Whether you’re a 3D printing enthusiast who dreams about printing and sharing designs, or an engineer who’s familiar with mechanical or industrial design looking for new ways to use 3D design skills, these ideas will help you better understand how to get started with artistic design for 3D printing.
Choosing Which Software to Use
Generally speaking, 3D modeling software programs fall into one of three categories: solids, surfaces, & digital clay. This article will focus on the first category: solids, as most engineers and designers already know and use it. More importantly, though, it’s a favorable choice for beginners.
With solid modeling, bodies are extruded and cut from a reference surface, plane, or point. Using solid modeling for 3D printing comes with advantages. For instance, due to their parametric nature, models are watertight (manifold) and easy to edit and customize. A timeline of these individual steps are saved, allowing for easy editing at any previous point in time. Once a user changes something, adjustments and updates happen automatically. Traditionally, mechanical and design engineers use this type of modeling to draw parts and molds that are fabricated through traditional manufacturing methods. Solid Modeling programs include SolidWorks, SolidEdge, Inventor, CATIA, and NX, which are all professional-level programs requiring a paid license. Meanwhile, Fusion 360, TinkerCAD, SelfCAD, OnShape, and other design software can be used for free.
Surface & Digital Clay Modeling
When it comes to the engineering and manufacturing world, surface and digital clay modeling software are not common due to a lack of precision. This software is, however, better suited for organic or freestyle designs that don’t require specific measurements or perfectly straight lines. Projects that would work best under surface and digital clay modeling include characters, animals, motion graphics, animation, and scenery commonly used in video games. Popular programs that fall under this type of design software are Rhinoceros, ALIAS, Blender, Maya, and Zbrush—just to name a few.
The Solid Modeling Design Process
Although solid modeling is used mostly for industrial and engineering design purposes, it is possible to use it in a more artistic way. The best starting point is to think outside the box, and to not be afraid of trying traditional design tools in unconventional ways. Using any of the solid modeling software mentioned above, first get familiar with some of the most basic extruding and cutting tools and functions, as these will be used most throughout the design process. Next, try to model a favorite sci-fi starship or city landmark with a general, roughly outlined shape. As the design starts to evolve, more detailed features can be added or eliminated using the extrude and cut tools of the modeling software. Adding details to make the final model more realistic without complex tools does not require a substantial amount of knowledge or skill. However, understanding how to use complex modeling software, along with its elaborate tools and procedures, requires a greater amount of time.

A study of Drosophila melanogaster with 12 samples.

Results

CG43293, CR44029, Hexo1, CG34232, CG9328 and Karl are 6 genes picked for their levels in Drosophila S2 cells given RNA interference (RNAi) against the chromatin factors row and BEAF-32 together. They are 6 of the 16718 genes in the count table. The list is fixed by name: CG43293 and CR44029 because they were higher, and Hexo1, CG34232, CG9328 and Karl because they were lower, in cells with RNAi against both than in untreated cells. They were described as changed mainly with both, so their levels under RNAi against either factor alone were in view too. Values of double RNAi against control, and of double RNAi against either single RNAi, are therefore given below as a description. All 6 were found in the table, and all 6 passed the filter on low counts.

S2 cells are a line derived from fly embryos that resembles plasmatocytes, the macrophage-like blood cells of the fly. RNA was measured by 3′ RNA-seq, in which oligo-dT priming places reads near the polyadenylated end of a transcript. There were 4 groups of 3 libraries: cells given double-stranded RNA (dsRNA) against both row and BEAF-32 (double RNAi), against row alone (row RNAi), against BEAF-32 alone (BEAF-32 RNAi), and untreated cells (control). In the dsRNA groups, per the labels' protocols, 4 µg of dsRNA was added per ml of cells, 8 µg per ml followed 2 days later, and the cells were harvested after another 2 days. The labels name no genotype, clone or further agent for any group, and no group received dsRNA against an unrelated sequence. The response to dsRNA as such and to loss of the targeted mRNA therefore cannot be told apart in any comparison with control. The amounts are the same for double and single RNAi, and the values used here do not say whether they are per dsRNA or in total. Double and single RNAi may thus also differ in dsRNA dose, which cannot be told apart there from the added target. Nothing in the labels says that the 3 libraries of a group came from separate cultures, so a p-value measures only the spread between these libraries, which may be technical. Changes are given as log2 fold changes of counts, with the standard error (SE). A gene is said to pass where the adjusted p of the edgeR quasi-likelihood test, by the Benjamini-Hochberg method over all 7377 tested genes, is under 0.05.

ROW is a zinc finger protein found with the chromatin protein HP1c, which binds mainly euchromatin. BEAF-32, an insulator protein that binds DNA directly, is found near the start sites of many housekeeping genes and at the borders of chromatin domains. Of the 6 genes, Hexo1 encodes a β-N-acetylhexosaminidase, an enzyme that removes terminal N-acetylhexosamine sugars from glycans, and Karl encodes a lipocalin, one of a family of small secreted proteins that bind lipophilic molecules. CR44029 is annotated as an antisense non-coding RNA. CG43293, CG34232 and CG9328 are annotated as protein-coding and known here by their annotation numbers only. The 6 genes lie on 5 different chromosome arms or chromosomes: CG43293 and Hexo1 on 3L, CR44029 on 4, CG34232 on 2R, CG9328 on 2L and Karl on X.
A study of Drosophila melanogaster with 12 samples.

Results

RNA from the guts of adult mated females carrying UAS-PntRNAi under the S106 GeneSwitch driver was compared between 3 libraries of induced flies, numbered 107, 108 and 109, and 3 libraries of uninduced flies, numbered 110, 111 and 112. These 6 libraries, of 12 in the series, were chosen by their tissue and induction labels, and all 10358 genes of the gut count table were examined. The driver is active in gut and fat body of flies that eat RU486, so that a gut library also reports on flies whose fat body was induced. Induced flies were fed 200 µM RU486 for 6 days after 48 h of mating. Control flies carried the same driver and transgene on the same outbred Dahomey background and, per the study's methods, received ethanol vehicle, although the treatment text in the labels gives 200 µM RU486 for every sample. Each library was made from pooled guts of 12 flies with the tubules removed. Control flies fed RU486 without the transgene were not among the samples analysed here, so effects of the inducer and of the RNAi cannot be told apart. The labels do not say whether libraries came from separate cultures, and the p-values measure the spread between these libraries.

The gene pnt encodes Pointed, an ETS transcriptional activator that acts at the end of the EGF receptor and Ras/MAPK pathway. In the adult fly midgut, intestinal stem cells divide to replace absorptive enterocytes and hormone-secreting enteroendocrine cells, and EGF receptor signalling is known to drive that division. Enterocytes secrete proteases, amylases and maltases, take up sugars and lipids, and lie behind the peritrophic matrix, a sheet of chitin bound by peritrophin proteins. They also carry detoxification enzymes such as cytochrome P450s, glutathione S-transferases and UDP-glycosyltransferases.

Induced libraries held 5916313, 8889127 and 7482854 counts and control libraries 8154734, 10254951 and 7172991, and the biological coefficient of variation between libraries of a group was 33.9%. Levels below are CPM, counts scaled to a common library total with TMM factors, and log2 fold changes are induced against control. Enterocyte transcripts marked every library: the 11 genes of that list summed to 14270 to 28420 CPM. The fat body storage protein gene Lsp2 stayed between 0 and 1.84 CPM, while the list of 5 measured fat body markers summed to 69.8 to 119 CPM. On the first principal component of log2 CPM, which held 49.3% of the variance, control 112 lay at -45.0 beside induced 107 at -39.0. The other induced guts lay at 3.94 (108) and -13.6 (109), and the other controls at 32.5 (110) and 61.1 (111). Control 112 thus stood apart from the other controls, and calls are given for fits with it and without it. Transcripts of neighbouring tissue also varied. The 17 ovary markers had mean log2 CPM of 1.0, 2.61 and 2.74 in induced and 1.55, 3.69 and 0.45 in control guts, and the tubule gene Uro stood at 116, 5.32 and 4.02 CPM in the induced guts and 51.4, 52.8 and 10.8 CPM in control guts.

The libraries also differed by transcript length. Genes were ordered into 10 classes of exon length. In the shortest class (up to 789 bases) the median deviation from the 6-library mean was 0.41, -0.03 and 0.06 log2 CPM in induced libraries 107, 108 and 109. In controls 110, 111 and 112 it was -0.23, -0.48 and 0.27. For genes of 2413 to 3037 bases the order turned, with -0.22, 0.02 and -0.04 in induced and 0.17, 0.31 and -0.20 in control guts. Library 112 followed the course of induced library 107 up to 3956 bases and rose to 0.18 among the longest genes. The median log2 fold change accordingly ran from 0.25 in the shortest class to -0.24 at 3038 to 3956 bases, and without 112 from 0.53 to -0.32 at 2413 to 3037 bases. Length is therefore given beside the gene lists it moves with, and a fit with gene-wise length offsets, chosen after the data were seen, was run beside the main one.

MiniWorld 3D uses mainly a combination of SolidWorks and Fusion 360 to create free miniature models of world famous landmarks and monuments for 3D printing.
By starting with broad outlining of geometric shapes and then gradually adding smaller details, the design software is used as a sculpting tool to produce the final model.
With a bit of patience and time, it is possible to carve the solid bodies into beautiful shapes. The majority of the operations used include both cuts and extrudes with some combinations of patterns.
Complex or fancy operations are rarely used, so even a beginner with little knowledge has the tools required with free modeling software to design intricate models.
Modeling with 3D Printing in Mind
Some general 3D printing design recommendations:
- Manifold – Always keep models watertight, or manifold. In layman’s terms, this means it isn’t hollow, there aren’t any missing edges or faces, and there aren’t any surface holes. This is not so much a concern with solid modeling as compared to surface and digital clay modeling.
- No Supports – Try to avoid supports and overhangs. Use 45 degree planes, chamfers, or rounds if possible.
- Small Features – Avoid thin or micro features. If the printing nozzle is 0.4 mm, be sure to make the smallest features at least 0.6 or 0.8 mm. Otherwise, the slicing software may omit them.
- Orientation – Think about printing orientation before modeling in order to avoid supports when possible and maximize the print bed adhesion area. Consider that the best way to print a part may be upside down, or even on its side.
- Parametric – Take advantage of parametric software to make adjustments after test-printing a design. It’s easy to edit lengths, diameters, thicknesses, or adding ribs and fillets, etc.